FDI in e-Commerce – Pros and Cons and reaction by Director of ESET India Pankaj Jain:
The current policy in India does not allow foreign investment in the business of selling via online to consumers. There are no restrictions on FDI in the business-to-business segment. Opening up of the sector will benefit existing companies who need more capital to expand their business in a rapidly growing market, which is estimated to have expanded to $12.6 billion from $3.8 billion in 2009. Allowing FDI in e-commerce will provide e-commerce players complete geographical reach which will be against the spirit of FDI in multi-brand retail trade, i.e. being restricted to cities with a population of more than one million or any other city as per the choice of consenting states. FDI would boost infrastructure development and manufacturing, result in more efficient supply-chain management and reduce costs. However, FDI in the sector may lead to multinationals dumping their cheaper products on the market causing a negative impact on the Indian manufacturing sector in general, and to micro, small and medium enterprises in particular. Small kirana stores remain the largest source of employment in the country. Opening of B2C e-commerce on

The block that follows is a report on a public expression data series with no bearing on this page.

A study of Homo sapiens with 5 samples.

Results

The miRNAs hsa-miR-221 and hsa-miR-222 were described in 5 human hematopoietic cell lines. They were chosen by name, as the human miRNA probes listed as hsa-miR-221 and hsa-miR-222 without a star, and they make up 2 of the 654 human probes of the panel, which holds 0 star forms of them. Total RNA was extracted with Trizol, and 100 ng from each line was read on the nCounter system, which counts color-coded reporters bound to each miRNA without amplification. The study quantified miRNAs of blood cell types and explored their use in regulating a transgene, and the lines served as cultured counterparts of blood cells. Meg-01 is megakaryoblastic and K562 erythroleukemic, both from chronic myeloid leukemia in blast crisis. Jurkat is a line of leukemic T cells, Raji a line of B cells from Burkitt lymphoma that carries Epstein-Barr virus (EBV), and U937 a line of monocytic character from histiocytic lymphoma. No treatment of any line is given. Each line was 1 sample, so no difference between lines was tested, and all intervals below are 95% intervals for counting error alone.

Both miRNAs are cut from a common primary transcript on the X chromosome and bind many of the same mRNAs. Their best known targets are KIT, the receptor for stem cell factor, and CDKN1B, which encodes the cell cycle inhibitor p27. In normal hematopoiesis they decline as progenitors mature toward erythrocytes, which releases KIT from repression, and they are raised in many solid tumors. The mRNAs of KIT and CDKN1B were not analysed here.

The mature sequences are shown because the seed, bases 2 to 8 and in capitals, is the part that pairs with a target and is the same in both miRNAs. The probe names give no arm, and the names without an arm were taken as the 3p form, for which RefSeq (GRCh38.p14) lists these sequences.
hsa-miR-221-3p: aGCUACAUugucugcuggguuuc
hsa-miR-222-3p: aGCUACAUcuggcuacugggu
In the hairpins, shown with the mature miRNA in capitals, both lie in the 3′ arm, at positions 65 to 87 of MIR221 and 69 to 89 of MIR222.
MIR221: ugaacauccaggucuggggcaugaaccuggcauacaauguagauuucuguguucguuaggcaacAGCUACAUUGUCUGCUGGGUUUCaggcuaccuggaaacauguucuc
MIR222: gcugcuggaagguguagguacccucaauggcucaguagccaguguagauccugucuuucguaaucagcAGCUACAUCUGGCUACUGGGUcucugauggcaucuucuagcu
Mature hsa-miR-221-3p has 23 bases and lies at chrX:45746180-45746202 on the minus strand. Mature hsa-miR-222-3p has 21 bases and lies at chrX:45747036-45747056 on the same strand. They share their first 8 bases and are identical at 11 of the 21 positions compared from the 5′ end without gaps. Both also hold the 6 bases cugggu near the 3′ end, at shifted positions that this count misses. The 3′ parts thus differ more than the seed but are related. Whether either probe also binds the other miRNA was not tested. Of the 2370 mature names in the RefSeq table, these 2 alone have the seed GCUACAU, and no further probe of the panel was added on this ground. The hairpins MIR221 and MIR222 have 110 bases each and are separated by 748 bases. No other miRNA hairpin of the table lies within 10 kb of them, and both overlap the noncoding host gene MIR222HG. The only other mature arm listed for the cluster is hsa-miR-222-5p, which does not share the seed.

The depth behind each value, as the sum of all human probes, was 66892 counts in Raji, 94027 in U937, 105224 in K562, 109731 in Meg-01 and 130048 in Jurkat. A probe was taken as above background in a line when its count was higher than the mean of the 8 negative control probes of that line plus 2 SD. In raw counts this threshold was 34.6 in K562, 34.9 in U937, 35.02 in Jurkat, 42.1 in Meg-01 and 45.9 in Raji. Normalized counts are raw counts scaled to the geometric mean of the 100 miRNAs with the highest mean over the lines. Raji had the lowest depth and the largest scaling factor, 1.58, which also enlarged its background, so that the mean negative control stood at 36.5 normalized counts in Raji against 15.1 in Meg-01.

inventory based model is likely to seriously impact these shopkeepers leading to large scale unemployment.
Comments on FDI in e-commerce
We welcome FDI in e-commerce. The move will lead to a pickup in investments in the sector which will further help for infrastructure development, increase outreach & adoption of global best practices & above all improve customer service.